Infiniti Q50 2014 review
We review the Infiniti Q50, a BMW 3 Series rival which Infiniti hopes will really kickstart its sales in Europe
Infiniti is facing an uphill struggle in the UK - it sold just 25 cars in September from its eight dealers - but the Infiniti Q50 is a step in the right direction. The four-cylinder diesel isn’t the most refined engine around, but the performance and efficiency is up there with its German rivals. The styling is bound to split opinion, but the interior has a high-tech feel though and the ride is smooth enough. A good effort overall, but not enough to topple the class-leaders.
The predecessor to the Infiniti Q50 – the G37 – was a car only for the very brave. It was an unusual alternative to the usual BMW, Audi and Mercedes crowd but fell well short in terms of quality, dynamics and economy. Straightaway, the Q50 is a vast improvement – it’s comfortable, efficient and hi-tech.
Infiniti is planning to boost global sales from 100,000 to 500,000 in the next decade, and Europe-focused models like the new Q50 are crucial to this. So is this the car to kickstart an Infiniti revolution?
Previously we’ve only tried the flagship 359bhp Hybrid model but the diesel car driven here will be the big seller. It’s powered by a 2.1-litre diesel engine with 168bhp and, in its cleanest form, it emits just 114g/km. Go for the automatic gearbox and large alloys like our car, and that goes up to 128g/km – still good enough to compete with the BMW 3 Series.
The engine itself is borrowed from Mercedes and Infiniti hasn’t managed to cure it of the noisy rattly engine note. At idle and on light throttles it’s quite nicely isolated but under heavy acceleration it sounds loud and rough. That’s a shame because refinement is otherwise very good – motorway journeys are accompanied by little more than a whisper of wind noise and a gentle roar from the tyres.
The Infiniti Q50 rides quite nicely, too, just taking the edge off of sharp bumps while ironing out some of rough roads we encountered. There’s a hint of firmness to it as Infiniti chases the title of “most dynamic sports saloon on the market”, but in this respect it still falls short of the best.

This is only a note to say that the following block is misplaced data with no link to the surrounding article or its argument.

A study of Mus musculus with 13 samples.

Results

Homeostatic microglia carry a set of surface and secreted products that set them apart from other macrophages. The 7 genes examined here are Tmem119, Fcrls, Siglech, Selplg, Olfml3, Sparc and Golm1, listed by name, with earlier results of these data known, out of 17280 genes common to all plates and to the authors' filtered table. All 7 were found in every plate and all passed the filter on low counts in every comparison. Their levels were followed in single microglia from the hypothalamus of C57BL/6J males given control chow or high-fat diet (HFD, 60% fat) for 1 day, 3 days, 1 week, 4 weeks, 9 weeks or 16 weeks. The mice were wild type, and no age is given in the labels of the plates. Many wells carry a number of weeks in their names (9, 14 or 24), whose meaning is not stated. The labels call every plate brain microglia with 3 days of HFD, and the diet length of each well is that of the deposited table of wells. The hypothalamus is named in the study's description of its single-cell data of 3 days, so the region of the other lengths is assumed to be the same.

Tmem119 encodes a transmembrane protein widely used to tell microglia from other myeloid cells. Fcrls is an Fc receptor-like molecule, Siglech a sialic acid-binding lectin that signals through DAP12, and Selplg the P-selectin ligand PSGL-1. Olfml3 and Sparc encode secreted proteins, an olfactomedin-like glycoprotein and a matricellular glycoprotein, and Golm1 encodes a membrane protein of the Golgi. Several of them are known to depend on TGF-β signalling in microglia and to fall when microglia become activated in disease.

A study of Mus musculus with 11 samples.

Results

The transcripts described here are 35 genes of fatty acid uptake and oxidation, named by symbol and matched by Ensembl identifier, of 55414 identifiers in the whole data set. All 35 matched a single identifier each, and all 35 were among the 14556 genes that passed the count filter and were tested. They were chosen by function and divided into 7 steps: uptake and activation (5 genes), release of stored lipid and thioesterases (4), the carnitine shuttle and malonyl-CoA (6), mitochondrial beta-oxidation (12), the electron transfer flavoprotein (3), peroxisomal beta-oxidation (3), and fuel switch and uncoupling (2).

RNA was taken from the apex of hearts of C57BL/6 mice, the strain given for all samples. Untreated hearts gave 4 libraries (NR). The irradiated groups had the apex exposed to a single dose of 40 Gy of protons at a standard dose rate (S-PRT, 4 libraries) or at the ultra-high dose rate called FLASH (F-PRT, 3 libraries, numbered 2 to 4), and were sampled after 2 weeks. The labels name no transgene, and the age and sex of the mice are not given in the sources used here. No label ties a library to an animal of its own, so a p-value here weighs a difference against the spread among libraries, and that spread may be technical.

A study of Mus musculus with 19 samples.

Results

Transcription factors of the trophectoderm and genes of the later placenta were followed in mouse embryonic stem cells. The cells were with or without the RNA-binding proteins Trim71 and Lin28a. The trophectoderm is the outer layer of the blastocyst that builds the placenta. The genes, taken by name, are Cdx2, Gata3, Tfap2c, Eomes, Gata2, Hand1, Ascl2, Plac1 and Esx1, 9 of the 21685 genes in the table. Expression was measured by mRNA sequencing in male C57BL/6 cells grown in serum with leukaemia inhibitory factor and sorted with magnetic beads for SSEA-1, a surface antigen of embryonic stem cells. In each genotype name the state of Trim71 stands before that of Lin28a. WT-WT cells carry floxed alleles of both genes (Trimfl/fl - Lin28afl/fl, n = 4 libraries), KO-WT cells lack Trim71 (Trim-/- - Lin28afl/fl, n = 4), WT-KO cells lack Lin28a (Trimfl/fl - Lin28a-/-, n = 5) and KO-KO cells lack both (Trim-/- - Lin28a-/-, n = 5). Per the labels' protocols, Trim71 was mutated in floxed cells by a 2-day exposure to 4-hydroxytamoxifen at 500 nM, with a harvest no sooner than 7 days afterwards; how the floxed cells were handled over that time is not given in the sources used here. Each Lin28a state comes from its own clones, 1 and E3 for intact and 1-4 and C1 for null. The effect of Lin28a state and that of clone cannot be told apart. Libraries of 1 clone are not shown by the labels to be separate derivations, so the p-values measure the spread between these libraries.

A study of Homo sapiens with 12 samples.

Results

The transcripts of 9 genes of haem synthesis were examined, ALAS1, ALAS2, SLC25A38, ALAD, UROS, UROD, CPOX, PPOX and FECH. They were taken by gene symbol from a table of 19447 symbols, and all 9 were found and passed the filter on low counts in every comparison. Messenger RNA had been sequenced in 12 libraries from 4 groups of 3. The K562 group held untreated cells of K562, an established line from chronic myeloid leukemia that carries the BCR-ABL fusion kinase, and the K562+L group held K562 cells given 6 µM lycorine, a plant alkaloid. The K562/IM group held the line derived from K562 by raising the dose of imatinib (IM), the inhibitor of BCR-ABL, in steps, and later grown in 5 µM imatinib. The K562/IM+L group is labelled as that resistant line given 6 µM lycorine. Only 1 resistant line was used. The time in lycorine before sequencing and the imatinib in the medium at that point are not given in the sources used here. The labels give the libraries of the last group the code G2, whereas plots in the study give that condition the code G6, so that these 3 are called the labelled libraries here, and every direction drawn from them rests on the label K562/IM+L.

There’s not too much body roll and there’s plenty of grip but the steering ultimately robs the Q50 of the involvement some drivers will want. We had the basic electro-hydraulic steering set-up but did try the upgraded Direct Adaptive Steering – standard on high-spec cars or an £800 option. It’s the world’s first steer-by-wire system, so there’s no link between the steering wheel and the wheel. You can vary the speed and the weight but none of the modes ever give you enough feedback, and setting the ratio to ‘quick’ makes the car feel extremely twitchy.
We’d say go for the mid-spec Premium model and don’t upgrade the steering – the electro-hydraulic set-up feels far more natural. And Premium cars still come packed with kit, too, like full leather, parking sensors, cruise control, a rear view camera and two colour touchscreens.
Interior design is classy on the whole, although some of the buttons are obviously lifted from cheaper Nissan models. On the plus side there’s a huge amount of room in the back seats and a spacious 500-litre boot.
The styling drew plenty of attention on our test drive, and you’re guaranteed a bit of exclusivity with an Infiniti that you don’t get with the German brands. It’s far from perfect – and at £31,990 it costs the same as a like-for-like 3 Series – but there are plenty of good reasons why customers should consider it.